Freshwater Dip

Freshwater Dip

Freshwater Dip

Freshwater Dip (updated 7-30-2023)

What It Treats: Provides temporary relief of some parasites – Marine Velvet DiseaseBrooklynella hostilisUronema marinum seem most susceptible to the osmotic shock.

A FW dip can also be used to dislodge certain crustaceans and worms, such as Parasitic isopods/copepods, Turbellarians and Flukes (Monogeneans). With Flukes, some genera (e.g. Neobenedenia) will turn white and be visible both during & after the dip (see video + photos below). You can use a magnifying glass to double-check for them on the bottom of the dip container. Note: Tiny worms (e.g. gill flukes) may not be visible to the unaided eye after or during a FW dip. You can try taking water samples from the dip container (surface, mid-area and bottom), and examine those under a microscope. Look for shapes similar to what you will see here: Flukes under microscope

What “Freshwater” To Use: There are 3 options:

  1. RO or RODI (add a little saltwater to improve conductivity so that pH can be read accurately)
  2. Water taken from a “clean” freshwater aquarium (non-acidic i.e. pH should be 7 or greater)
  3. Dechlorinated tap water (non-acidic i.e. pH should be 7 or greater)

^^ With all of the above, pH should be raised to ~ 8.0 before placing fish in the dip water. This can be accomplished by using supplements (available at most LFS) or you can “bake” your own DIY supplement by using baking soda. Spread baking soda onto a clean baking sheet, and bake at 300F for 1 hour. This process drives off carbon dioxide and water from the baking soda, and the result is an effective pH booster. You will need to experiment (start with a very small amount) to determine how much is needed to raise your pH to the desired level.

How To Treat: Fill a bucket with freshwater, and use a heater to match temperature to the fish’s source water. Aerate the water heavily (by using an airstone or small powerhead pointed towards the water surface) for at least 30 minutes prior to doing the dip; and then reduce (or even discontinue) aeration while performing the dip. Place the fish in the freshwater (FW) dip and observe closely. It is not unusual for them to freak out a little at first. Just know that tangs are notorious for “playing dead” during a FW dip. The important thing is to watch the fish’s gills (they should be breathing heavily), and keep the fish upright & swimming at all times! If breathing slows, or the fish refuses to get up after chasing (BUT NOT TOUCHING) it with your hand, then it’s time to exit the dip! Dip the fish for no more than 5 minutes. Multiple dips may be done, but it’s important to give your fish 24-48 hours to recuperate in-between freshwater dips.

For Flukes, use a dark (preferably black) bucket so you can see if white sesame seed looking flukes (photos below) fall off the fish. The dead worms will settle to the bottom, so you can use a flashlight to look there as well. Some flukes (especially Neobenedenia) are able to be seen with the naked eye; gill flukes would require microscopic examination. So, post dip let everything “settle” and then use a pipette to capture anything that might have come off the fish (also take samples off the bottom to examine under a microscope). See also: Flukes under microscope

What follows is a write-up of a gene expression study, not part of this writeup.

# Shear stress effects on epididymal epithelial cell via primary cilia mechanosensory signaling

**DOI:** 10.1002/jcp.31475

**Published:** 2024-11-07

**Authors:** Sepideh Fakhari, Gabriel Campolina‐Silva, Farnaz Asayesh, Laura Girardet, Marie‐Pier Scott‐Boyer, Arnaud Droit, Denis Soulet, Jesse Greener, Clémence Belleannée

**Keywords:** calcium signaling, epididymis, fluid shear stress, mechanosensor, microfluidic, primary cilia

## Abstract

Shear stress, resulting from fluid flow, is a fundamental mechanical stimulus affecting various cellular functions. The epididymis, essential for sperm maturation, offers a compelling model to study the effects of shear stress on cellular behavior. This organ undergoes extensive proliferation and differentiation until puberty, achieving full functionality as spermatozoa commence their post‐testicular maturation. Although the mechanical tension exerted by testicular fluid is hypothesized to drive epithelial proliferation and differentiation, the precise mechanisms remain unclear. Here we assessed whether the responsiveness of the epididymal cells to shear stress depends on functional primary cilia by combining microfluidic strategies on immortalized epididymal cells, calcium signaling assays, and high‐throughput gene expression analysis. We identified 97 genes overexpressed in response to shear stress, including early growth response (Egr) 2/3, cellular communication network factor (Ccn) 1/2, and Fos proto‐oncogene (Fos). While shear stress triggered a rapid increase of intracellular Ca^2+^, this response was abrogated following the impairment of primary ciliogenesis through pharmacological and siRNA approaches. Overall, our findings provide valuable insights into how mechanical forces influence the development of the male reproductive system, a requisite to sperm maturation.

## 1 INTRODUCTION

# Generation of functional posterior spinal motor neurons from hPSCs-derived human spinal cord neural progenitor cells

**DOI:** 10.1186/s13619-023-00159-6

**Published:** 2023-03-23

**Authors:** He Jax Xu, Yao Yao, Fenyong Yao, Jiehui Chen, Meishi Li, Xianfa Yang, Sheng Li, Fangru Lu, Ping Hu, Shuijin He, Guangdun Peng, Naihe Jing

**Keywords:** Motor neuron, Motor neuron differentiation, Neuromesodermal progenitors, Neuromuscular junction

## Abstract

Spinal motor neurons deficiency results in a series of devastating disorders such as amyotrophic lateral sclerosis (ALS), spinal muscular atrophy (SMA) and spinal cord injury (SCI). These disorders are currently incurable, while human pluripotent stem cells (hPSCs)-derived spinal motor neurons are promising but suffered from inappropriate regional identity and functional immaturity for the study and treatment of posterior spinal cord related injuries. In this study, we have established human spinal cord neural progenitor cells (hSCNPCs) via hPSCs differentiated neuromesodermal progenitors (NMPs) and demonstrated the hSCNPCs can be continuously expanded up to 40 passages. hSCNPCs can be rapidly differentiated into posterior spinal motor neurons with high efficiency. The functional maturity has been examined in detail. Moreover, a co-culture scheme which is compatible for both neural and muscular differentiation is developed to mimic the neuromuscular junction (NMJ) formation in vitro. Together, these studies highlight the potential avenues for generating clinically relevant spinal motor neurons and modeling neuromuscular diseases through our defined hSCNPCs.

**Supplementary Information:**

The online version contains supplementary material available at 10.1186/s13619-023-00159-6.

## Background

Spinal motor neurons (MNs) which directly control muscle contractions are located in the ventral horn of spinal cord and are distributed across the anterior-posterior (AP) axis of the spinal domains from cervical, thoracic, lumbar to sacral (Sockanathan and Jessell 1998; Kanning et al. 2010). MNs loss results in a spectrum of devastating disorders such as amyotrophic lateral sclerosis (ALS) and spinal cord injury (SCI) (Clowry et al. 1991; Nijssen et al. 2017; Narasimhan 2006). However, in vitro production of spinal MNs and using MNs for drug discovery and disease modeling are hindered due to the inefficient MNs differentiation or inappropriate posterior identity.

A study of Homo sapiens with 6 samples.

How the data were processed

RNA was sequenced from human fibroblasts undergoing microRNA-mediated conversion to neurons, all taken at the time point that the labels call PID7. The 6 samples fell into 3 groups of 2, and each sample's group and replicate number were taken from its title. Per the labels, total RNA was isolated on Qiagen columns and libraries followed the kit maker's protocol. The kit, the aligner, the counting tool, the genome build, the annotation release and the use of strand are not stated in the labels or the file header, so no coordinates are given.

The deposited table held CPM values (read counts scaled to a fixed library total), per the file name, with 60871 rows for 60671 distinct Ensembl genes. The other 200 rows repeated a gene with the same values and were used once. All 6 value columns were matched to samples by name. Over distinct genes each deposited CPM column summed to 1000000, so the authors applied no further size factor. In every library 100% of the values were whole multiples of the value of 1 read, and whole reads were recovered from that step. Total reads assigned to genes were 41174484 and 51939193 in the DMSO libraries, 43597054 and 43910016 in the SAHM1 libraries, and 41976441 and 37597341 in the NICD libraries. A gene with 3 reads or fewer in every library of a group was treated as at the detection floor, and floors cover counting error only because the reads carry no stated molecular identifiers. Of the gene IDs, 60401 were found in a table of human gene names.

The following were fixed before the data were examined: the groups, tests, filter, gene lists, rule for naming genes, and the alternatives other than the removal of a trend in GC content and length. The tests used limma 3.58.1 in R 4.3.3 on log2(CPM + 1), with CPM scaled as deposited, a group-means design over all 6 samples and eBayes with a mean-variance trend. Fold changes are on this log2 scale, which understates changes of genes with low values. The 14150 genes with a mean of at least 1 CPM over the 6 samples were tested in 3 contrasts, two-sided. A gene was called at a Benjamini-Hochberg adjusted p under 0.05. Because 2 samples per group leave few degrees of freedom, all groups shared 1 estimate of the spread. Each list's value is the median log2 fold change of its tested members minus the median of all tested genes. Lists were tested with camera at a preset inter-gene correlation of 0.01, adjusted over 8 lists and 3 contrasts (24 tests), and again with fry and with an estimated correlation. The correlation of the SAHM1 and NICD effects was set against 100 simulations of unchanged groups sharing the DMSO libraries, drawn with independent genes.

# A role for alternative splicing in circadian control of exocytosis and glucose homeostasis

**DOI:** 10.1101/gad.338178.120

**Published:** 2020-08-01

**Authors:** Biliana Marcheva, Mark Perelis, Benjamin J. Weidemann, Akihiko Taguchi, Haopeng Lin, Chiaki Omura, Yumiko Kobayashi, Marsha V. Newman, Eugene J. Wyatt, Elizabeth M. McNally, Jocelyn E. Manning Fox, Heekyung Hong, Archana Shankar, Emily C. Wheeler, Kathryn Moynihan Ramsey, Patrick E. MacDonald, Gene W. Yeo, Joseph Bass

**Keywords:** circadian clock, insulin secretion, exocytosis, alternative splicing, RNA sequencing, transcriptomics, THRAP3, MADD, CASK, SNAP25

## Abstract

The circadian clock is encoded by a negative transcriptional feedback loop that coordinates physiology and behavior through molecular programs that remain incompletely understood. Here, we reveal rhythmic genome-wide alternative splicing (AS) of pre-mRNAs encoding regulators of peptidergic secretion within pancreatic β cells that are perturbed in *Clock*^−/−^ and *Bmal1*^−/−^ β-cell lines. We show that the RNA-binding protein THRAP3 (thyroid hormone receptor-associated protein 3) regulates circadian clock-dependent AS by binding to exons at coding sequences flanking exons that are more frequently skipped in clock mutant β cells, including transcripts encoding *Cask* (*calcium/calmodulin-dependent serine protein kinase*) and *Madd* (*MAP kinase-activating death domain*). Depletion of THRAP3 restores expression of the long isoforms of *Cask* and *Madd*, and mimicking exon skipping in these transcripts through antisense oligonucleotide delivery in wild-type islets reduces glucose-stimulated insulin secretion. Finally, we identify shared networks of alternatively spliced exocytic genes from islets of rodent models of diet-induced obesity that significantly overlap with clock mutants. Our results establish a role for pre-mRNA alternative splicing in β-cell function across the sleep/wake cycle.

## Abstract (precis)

Pros: Provides temporary relief for a wide range of parasites/worms in a chemical free environment. Can “buy you more time” until a proper treatment can be done. A light dose of Methylene Blue (0.5 ml per gallon) can be added to the dip, if desired.

Cons/Side Effects: Not a permanent “fix” for any disease, as FW dips are usually not thorough enough to eliminate all of the parasites/worms afflicting a fish. (So, followup treatment in a quarantine tank is a wise course of action.) A freshwater dip SHOULD NOT BE DONE on weak/dying fish as it tends to “finish them off”. Other fish can have an adverse reaction, once returned to their aquarium, by appearing unable to maintain their equilibrium. If this happens, hold the fish upright (using latex, nitrile or rubber gloves), and place the fish in front of a wavemaker (ON LOW) to get saltwater flowing through the gills again. (y)

Dead flukes in a freshwater dip:





Mainly just posting for people to reference and use the images, as there (from my searches) aren’t many good photos of them. Lense wasn’t too clean as at the time of the photo I was in a rush to get things done. Feel free to use them on the humble fish website too! They came off my six line wrasse , which I mistakenly put into high salinity water so it’s on the verge :(
Not in a great mood in the past 24hrs so constructive feedback or other positive natured comments are appreciated.